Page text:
MicroPython is developed using git for source code management, and the master repository can be found on GitHub at github.com/micropython/micropython.
The full source-code distribution of the latest version is available for download here:
Daily snapshots of the GitHub repository (not including submodules) are available from this server:
Firmware for various ports are built automatically on a daily basis and can be found below:
Daily builds of the code (the stmhal/ directory) are available below. The hardware version of the board that you have should be written on your pyboard; eg boards with PYBv1.0 written on them should use pybv10_xxx.dfu files.
For each board there are various firmwares available with different options compiled in. The "standard" build is listed first and is the default firmware that the pyboards are shipped with. Use this firmware if you are uncertain. The "double FP" builds use double-precision floating point instead of the standard single precision. The "threading" builds contain the _thread module and allow multithreading. The "network" builds have network drivers for CC3000 and WIZ820io included. All these different firmware are completely interchangeable and you can freely change from one to the other without losing the filesystem on your pyboard.For each firmware group there are various versions of the software available. The latest version is listed first in the line, followed by older, and possibly more stable, versions. A overview of changes for each software version can be found here.
One you have downloaded the appropriate DFU file it can be flashed directly to your pyboard using a DFU programmer. For information about DFU programming on Windows see this PDF. For Linux and Mac see here.
Firmware suitable for PYBv1.0 boards:
Firmware suitable for PYBv1.1 boards:
Firmware suitable for PYBLITEv1.0 boards:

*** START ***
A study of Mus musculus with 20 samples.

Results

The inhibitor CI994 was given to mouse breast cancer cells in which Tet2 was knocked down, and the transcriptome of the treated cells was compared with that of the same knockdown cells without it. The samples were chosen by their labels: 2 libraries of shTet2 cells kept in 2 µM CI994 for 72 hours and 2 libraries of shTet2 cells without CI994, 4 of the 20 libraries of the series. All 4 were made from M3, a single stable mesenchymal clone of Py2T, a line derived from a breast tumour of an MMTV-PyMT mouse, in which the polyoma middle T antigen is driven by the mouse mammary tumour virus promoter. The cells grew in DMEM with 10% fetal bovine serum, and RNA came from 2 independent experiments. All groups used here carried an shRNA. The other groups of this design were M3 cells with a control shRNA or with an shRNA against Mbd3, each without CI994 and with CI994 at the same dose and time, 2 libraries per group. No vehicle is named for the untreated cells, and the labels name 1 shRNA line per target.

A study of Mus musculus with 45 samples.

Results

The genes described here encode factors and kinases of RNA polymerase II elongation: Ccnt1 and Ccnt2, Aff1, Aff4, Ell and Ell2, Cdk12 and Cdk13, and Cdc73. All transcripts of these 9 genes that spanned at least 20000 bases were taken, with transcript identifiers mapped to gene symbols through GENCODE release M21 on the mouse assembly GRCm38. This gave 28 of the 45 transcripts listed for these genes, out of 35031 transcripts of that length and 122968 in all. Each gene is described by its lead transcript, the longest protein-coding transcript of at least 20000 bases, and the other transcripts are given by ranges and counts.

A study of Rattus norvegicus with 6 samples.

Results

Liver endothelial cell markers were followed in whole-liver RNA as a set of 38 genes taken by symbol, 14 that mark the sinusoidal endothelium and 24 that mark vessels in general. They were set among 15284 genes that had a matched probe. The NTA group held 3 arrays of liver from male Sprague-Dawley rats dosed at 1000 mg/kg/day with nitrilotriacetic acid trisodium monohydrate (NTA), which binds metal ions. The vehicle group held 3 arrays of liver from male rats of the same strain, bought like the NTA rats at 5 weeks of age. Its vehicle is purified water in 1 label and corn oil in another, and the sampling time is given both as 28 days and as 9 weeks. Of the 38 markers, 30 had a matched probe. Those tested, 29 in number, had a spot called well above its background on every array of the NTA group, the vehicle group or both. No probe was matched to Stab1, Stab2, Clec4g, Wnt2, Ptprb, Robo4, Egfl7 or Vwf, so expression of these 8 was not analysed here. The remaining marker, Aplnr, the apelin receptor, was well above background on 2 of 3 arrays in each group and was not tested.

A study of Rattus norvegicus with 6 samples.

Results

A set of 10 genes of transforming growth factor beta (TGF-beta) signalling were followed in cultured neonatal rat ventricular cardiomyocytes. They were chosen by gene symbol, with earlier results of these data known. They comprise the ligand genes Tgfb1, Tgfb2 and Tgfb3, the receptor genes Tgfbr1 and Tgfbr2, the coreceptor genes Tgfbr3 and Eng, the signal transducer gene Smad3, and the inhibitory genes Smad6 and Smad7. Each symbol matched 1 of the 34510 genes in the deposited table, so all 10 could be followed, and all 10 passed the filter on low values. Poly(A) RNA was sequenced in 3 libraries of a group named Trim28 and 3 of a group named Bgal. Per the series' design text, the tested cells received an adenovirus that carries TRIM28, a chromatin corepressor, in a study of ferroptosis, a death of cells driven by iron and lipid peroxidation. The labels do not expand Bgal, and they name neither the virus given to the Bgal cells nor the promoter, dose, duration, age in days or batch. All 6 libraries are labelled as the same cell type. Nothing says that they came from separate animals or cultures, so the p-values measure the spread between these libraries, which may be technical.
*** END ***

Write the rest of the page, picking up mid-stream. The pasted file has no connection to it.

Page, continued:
Firmware suitable for hand-made PYBv3 boards:
The following files are firmware for the WiPy. The zip file contains mcuimg.bin which should be copied via ftp to the /flash/sys directory on the WiPy.
The following files are stable firmware for the ESP8266. Program your board using the esptool.py program as described in the tutorial.
The following are daily builds of the ESP8266 firmware. They have the latest features and bug fixes, WebREPL is not automatically started, and debugging is enabled by default.
The following are daily builds of the ESP8266 firmware tailored for modules with only 512kbytes of flash. Certain features are disabled to get the firmware down to this size.
The following are Over-The-Air (OTA) builds of the ESP8266 firmware, for modules with at least 1MByte of flash. The first time you use this build you need to flash one of the "initial image" images using esptool.py as described above. After that, you can update the firmware over the air using the "OTA update" file in conjunction with the ota-client script from yaota8266. The "OTA update" files are digitally signed and will only work with the provided "initial image" files, and vice versa. (Note: this feature is work-in-progress.)
The following files are daily firmware for ESP32-based boards, with separate firmware for boards with and without external SPIRAM. Non-SPIRAM firmware will work on any board, whereas SPIRAM enabled firmware will only work on boards with 4MiB of external pSRAM.
Program your board using the esptool.py program, and put the firmware starting at address 0x1000. For example: esptool.py --chip esp32 --port /dev/ttyUSB1 write_flash -z 0x1000 esp32-20180511-v1.9.4.bin. If you are putting MicroPython on for the first time then you should first erase the entire flash using esptool.py --chip esp32 erase_flash.
Firmware with SPIRAM support:
These boards are not officially supported but should be fully functional:
For programming an Espruino Pico see the "Advanced Reflashing" section of this page.